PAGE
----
Because I had the luck of having been raised on the Seattle shores of Lake Washington, I recall the last runs of the Madison-Kirkland and the Leschi ferries. Several of our waterfront parks, especially Madison Park, Madrona Park, and Leschi Park emerge from that era.
I remember taverns and restaurants replacing those abandoned sites. I have visited friends at apartments and condominiums overlooking water-logged, lonely pilings and street-ends, lingering evidence of a once-busy commotion of travelers. The rich history of Seattle would have been a relatively modest story without these watery links to the second-largest lake in Washington State. With Seattle’s burgeoning population and a simultaneous rise in the popularity of bicycles, motor bikes, and other strange modes of city street travel, some are asking if the old Mosquito Fleet of small boats might be revived.
Do the local names Brewster, Brighten Beach, Calverts, Barnaby, or Belt Line mean anything to Seattle-area residents today? Those tiny lakeside stations were among the 50-plus stops the old Lake Washington steamboats – or Mosquito Fleet – made in the early 1900s. Although the term “Mosquito Fleet” is correctly attached to Puget Sound routes (and occasionally coastal waters), it can also be used in connection with Lake Washington water transport.
Captain Adolph J. Anderson, with his brother Captain John L. Anderson, operated much of the Puget Sound and Lake Washington steamboat trade at the turn of the 20th century. On the lake, Anderson Steamboat Company boats ran north to Juanita and south to Rainier Beach, with dozens of intermediate stops – some of them for the convenience of a friend or a waving hand on the end of a dock. There were occasional accidents and miscalculations by passengers and freight-handlers, resulting in a frightened passenger struggling in the water below the passenger ramp or a load of building material or groceries sinking to the muddy bottom.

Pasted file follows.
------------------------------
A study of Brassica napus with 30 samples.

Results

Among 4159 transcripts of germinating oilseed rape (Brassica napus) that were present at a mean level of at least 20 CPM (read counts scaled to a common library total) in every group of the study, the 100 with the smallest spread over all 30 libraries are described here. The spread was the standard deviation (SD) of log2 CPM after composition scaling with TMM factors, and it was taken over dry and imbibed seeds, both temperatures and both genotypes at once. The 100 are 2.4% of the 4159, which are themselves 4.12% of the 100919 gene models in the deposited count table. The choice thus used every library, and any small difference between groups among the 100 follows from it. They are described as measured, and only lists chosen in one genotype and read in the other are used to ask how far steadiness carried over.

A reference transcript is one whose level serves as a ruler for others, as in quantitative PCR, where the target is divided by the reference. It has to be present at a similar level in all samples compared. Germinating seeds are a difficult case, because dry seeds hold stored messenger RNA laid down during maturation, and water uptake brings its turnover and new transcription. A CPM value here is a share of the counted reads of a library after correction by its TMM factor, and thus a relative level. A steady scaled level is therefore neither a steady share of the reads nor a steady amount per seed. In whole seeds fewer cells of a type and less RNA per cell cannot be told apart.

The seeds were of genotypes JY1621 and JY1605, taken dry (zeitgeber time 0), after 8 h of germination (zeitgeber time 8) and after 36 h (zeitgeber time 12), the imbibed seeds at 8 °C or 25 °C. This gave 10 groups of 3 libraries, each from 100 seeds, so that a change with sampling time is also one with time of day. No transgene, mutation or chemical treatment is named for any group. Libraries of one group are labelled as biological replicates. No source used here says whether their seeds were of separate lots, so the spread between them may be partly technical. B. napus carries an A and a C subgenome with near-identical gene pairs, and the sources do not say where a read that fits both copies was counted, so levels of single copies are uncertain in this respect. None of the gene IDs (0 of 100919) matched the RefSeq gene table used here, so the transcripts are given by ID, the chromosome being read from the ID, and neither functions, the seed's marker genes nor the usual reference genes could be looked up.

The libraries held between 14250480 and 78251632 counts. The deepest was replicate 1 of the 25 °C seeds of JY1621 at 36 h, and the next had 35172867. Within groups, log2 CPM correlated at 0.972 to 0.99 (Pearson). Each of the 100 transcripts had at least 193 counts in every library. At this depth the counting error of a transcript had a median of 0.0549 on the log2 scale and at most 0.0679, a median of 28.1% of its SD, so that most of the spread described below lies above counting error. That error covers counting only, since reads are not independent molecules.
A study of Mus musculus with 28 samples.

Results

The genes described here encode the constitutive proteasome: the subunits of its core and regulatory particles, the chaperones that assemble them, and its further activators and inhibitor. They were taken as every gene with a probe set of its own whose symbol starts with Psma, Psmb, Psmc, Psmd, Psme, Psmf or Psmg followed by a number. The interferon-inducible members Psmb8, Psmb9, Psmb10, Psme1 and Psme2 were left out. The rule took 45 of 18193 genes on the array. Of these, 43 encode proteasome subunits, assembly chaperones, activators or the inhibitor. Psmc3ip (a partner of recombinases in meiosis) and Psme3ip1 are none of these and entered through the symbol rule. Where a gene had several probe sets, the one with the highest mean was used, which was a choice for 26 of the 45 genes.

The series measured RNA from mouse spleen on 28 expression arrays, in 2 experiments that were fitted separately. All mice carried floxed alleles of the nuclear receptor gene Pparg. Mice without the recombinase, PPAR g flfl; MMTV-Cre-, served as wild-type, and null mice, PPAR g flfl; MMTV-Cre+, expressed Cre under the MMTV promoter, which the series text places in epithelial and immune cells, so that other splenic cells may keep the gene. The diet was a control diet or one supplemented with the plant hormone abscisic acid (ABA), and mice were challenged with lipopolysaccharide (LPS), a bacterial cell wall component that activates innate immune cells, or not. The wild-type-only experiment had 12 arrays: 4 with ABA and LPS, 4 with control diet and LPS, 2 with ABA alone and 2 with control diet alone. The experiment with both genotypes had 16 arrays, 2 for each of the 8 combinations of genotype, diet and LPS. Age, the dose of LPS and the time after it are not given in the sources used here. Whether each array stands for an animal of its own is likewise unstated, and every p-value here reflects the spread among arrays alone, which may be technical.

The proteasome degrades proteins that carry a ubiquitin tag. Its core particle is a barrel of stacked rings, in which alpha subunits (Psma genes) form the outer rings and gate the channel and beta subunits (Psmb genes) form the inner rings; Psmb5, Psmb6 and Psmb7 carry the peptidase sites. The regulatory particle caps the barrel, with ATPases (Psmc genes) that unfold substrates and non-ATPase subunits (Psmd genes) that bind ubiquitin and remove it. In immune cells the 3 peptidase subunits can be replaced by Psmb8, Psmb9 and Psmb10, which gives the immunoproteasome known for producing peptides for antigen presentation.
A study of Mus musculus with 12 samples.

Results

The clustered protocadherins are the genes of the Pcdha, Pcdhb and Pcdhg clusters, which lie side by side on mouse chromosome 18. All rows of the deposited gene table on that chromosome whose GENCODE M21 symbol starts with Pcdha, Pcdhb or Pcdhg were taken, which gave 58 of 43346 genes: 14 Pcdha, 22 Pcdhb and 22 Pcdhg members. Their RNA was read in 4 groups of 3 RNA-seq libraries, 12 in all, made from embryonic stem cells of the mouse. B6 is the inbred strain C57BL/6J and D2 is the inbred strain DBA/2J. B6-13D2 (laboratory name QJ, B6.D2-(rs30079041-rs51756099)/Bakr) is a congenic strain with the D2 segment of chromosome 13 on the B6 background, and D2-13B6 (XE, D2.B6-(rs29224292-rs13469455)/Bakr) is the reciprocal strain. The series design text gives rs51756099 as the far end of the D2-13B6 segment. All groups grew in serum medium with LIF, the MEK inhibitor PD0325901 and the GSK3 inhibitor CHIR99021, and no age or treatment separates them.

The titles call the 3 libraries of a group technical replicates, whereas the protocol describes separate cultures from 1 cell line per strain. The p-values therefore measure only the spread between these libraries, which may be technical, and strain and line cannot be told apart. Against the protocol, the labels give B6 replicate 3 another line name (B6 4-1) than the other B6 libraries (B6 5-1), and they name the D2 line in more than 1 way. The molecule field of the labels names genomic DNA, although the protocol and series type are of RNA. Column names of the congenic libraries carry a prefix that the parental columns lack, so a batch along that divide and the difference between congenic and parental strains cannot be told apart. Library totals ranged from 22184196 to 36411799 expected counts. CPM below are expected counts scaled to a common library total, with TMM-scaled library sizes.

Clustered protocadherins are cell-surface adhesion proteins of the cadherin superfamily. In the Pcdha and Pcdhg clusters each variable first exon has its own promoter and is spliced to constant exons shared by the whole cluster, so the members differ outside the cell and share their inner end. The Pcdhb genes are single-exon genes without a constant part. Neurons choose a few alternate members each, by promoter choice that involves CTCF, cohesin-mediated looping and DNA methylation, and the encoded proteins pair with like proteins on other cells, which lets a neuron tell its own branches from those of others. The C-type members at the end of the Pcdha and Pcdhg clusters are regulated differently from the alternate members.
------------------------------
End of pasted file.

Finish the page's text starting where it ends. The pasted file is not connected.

Mercer Island was then a farming wilderness and a true island, sometimes called East Seattle. The Anderson boats put in at five locations on the Island’s west shore, and at eight ports-of-call along the eastern shore. Clusters of homes, schools, small businesses, and country roads emerged at the Mosquito Fleet coves and wharves.
On the Seattle or western shore, the 1909 Alaska-Yukon-Pacific Exposition site (now the University of Washington) was a principal water landing. Other Seattle ferry stops remain: Madison Park, Leschi Park, Mt. Baker Park, Brighten Beach, and Rainier Beach. Cross-lake, along the once remote shores of the eastern edge, today’s names match the original stops: Juanita, Yarrow, Kirkland, Medina, and Newport. Other more-or-less forgotten ports were Cedarmere, Churches, Demotts, Curtis, Northrup, Sunnyside, Lewisville, Hazelwood, and Kennydale.
The Anderson boats were constructed and managed for foot passengers and freight. After 1901, the occasional internal-combustion car was brought aboard, pushed and later rolled off the other end. I was told by a Seattle neighbor that an elder member of her family driving a Ford Model T attempted to come aboard after the drawbridge had been raised, resulting in a large splash, some panic, and the driver’s death by drowning.
Mosquito Fleet boats lost business with the construction of roads around Lake Washington. For example, Peter Kirk’s establishment of Kirkland and C.P. Hillman’s platting Kennydale near the coalmines of Newcastle and Black Diamond were better served by wheeled land transportation. With newcomers streaming across the new Mercer Island floating bridge, and real estate booms underway in the Bellevue area, the pokey but charming Mosquito Fleet lost business. Captain Anderson was forced to close out one of the pleasant and exciting chapters in Puget Sound history.
I wonder: Is it time to revive our Mosquito Fleet and return casual visitors, commuters, and residents to scenic routes serving the many bays, rivers, parks, and small junctions of Lake Washington and Puget Sound?